10 Reasons You Should Have A Credit Card

If you learn to manage your credit cards correctly, they offer a number of advantages and can save you a lot of money (I know that sounds strange, but it’s true). Having no credit history is nearly as bad as having a bad credit history and with so many financial instruments tied to your credit score in some way (mortgages, insurance…even possibly your job), using a credit card to build credit and up your credit score is a wise decision (again, if you can manage them correctly). Here are ten reasons spelled out in my latest TheStreet.com article:

1. Boost Your Credit History and Score
2. Internet Purchases
3. Emergency Money
4. Rewards
5. History of Purchases
6. No Fear of Loss or...


  1. vsjhoc says:

    Another benefit: many credit cards include rental car insurance if you charge the rental on the card, so you don’t have to take the expensive policies offered by the car rental agency.

  2. Teri Newton says:

    I really enjoy earning interest on all of my purchases (1% – 3% currently). I originally got a card at 16 to establish credit but have found further uses. 0% interest offers are not bad either, as long as you are careful and read all the fine print.

    In addition, I find it much easier to track than cash, though that debate always rages on in the forums. But downloading purchases to Quicken every month, from cards, makes it a snap to monitor spending. Even monthly statements can give you help tracking if you are not great at writing every little purchase down & don’t have budget software.

  3. Debbie says:

    Another benefit: some car rental places will accept NO OTHER kinds of payment.

  4. James Finbiner says:

    Fact: over 90% of the population buys more stuff when purchasing with a card as opposed to with cash.
    Fact: Over 80% of Americans let the balance ride.
    Fact: You can rent a car, pay for motels, shop online, etc, with a debit card.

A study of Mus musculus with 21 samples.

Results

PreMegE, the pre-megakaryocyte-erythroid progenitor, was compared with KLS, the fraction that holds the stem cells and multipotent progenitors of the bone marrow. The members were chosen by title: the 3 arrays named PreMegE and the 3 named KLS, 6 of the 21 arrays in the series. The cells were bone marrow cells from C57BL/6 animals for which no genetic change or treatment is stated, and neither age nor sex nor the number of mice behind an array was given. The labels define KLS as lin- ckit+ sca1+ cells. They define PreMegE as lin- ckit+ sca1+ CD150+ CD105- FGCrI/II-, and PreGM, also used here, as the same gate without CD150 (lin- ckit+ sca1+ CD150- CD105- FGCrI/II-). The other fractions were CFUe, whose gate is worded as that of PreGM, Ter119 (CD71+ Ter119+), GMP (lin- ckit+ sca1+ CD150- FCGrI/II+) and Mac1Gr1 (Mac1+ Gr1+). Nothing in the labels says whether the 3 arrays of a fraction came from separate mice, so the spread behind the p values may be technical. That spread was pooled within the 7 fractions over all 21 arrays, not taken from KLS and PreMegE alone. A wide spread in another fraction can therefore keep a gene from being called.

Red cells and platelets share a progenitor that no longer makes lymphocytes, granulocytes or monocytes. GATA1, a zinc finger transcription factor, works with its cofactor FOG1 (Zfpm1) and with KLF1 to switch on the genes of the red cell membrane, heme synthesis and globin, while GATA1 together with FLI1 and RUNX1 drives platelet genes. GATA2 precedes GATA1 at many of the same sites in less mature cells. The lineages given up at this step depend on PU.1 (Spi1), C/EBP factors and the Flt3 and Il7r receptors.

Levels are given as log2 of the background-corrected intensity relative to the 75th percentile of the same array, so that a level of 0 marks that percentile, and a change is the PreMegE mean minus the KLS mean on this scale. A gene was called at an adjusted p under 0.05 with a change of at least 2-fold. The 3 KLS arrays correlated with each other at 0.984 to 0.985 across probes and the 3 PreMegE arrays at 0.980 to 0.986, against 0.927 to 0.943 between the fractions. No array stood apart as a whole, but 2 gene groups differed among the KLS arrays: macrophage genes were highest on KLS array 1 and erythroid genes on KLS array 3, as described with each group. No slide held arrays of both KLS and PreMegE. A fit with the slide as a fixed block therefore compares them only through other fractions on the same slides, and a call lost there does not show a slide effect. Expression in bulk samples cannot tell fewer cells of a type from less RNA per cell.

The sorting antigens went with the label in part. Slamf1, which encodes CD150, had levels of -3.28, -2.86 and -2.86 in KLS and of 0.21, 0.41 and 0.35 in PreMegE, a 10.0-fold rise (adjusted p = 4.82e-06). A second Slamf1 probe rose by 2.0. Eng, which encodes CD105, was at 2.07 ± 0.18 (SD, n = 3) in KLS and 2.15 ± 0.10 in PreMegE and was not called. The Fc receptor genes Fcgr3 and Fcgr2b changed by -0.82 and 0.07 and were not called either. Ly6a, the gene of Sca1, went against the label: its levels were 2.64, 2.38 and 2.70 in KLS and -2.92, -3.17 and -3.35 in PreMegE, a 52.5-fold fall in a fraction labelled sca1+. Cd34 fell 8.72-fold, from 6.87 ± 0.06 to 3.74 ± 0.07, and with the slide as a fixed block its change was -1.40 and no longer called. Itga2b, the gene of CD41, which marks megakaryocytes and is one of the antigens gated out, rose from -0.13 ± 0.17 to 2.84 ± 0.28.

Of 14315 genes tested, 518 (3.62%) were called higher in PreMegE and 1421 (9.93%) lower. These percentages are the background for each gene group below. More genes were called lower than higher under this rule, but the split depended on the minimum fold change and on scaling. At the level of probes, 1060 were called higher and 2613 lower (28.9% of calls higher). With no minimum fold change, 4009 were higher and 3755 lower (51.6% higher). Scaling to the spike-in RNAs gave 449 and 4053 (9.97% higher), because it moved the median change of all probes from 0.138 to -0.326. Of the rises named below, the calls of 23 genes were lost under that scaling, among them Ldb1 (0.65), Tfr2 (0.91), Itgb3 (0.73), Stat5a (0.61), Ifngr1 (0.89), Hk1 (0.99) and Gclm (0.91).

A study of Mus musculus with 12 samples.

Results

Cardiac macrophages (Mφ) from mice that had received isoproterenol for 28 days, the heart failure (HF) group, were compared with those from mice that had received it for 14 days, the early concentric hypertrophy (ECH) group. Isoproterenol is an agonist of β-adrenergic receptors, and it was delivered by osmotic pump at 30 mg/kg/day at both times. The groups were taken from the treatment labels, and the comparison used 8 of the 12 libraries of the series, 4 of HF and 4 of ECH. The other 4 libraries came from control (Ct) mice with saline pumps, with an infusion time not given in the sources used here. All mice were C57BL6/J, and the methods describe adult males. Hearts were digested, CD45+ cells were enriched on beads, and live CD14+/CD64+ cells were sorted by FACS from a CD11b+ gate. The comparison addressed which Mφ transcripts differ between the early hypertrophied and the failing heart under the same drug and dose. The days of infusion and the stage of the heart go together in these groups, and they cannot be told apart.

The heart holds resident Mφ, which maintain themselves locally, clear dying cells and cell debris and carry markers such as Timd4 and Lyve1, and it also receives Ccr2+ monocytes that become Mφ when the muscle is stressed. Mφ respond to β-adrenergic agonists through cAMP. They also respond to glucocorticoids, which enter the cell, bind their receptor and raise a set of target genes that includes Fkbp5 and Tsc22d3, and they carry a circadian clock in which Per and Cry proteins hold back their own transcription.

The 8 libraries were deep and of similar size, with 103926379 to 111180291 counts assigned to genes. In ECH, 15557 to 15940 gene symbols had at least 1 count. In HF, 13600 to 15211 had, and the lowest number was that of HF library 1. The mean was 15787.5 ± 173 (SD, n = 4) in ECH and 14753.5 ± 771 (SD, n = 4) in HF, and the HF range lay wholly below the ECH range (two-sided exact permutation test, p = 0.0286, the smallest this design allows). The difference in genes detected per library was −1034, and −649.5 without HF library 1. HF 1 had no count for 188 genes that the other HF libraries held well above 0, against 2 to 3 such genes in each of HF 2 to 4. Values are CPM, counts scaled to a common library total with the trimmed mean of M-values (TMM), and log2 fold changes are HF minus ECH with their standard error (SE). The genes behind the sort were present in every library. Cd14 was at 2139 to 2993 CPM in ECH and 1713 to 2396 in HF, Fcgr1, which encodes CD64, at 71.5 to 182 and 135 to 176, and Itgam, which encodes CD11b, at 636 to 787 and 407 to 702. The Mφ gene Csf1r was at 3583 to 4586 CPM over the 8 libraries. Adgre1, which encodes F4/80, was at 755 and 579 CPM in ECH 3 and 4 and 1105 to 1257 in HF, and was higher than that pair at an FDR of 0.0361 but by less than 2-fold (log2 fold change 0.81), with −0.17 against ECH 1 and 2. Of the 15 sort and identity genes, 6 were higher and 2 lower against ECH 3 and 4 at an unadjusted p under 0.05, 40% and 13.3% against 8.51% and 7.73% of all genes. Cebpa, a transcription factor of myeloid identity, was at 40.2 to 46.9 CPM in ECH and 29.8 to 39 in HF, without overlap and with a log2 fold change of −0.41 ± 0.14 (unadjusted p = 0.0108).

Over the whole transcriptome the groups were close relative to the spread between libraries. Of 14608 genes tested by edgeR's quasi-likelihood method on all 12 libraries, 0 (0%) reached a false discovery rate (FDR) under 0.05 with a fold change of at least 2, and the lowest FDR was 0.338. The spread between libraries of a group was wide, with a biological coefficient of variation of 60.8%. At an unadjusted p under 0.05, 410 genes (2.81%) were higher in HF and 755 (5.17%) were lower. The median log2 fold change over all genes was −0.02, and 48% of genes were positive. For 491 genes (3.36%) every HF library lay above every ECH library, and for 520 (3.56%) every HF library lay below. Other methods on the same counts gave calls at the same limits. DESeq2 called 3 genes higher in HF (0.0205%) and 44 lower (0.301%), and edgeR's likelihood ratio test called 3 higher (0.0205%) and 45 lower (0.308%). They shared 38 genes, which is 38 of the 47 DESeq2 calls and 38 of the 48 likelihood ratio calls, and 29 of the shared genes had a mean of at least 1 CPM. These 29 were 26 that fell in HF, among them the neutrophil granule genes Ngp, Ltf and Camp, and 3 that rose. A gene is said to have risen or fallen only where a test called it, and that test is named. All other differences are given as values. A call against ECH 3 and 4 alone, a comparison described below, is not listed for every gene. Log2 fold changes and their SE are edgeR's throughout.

I really enjoy that 24% interest too!!
    You might think you can win at the credit card game, but just like vegas, in the end, it’s the House that sets the rules!

  5. greenday says:

    James,

    Can you show sources for your facts? They seem a bit overstated to me.

  6. CM Evans says:

    It is important (even essential in this society) to learn how to be responsible with credit, how to use credit, and how to solve/ negotiate credit problems if things go wrong, and most people start learning this skill with a credit card. At one point in my life I had 5 credit cards with about 35K of debt ping-ponging between the cards in various amounts. Eventually through debt consolidation my wife and I payed off all our cards and got out of this revolving or rolling debt situation. The point we learned is, it is not necessarily bad to be in debt, what makes it good or bad is how you structure the debt — then how you are investing the funds.

  7. davis says:

    You can’t reserve hotel rooms without one or a rental car.

  8. green says:

    I use my credit card for internet purchases, its very useful, when i have to buy a component from international store.

  9. Prince of Thrift says:

    Davis -
    Yes you can. I have done it many times. Just give them your debit card number…when asked visa or master card, tell them what which it is…they will run the card like they would if it was any other “credit card”

    If they tell you they can’t take debit cards they are lying and you should avoid doing business with them. The one car rental company that used to say it had to be a credit card and not debit was also the most expensive.

    In addition there are ways to rent with cash, although it is more difficult, but places like your car dealership or “Rent a Wreck,” have no problems taking cash.
    —–
    vsjhoc -
    Most auto insurance policies cover rental cars. Using that as an excuse to put yourself in debit with credit cards is a lame excuse.

  10. Tom Mayer says:

    Credit cards can be a really useful tool for managing finances. But, unfortunately, not everybody read the fine print carefully and, thus, run into debt.


    I think that credit cards are one of the easiest ways to track your spending. When coupled with a program like Microsoft Money or Quicken, you can easily see where your money is going and keep track of how your spending is changing from month to month. Some companies are adding management features into their accounts so you can categorize charges online and view the totals for each category even without downloading them to your computer.

  13. Kaycee Agilar says:

    Somehow, between me and my husband, we have managed to accrue over30 thousand in credit card debt. We can’t seem to find a way out. We have tried to budget, we have done research, and we have even cut out alot of fun stuff in our lives. I think it’s time for me to get a full time job. If we can’t pull this off, we may have to declare backruptcy.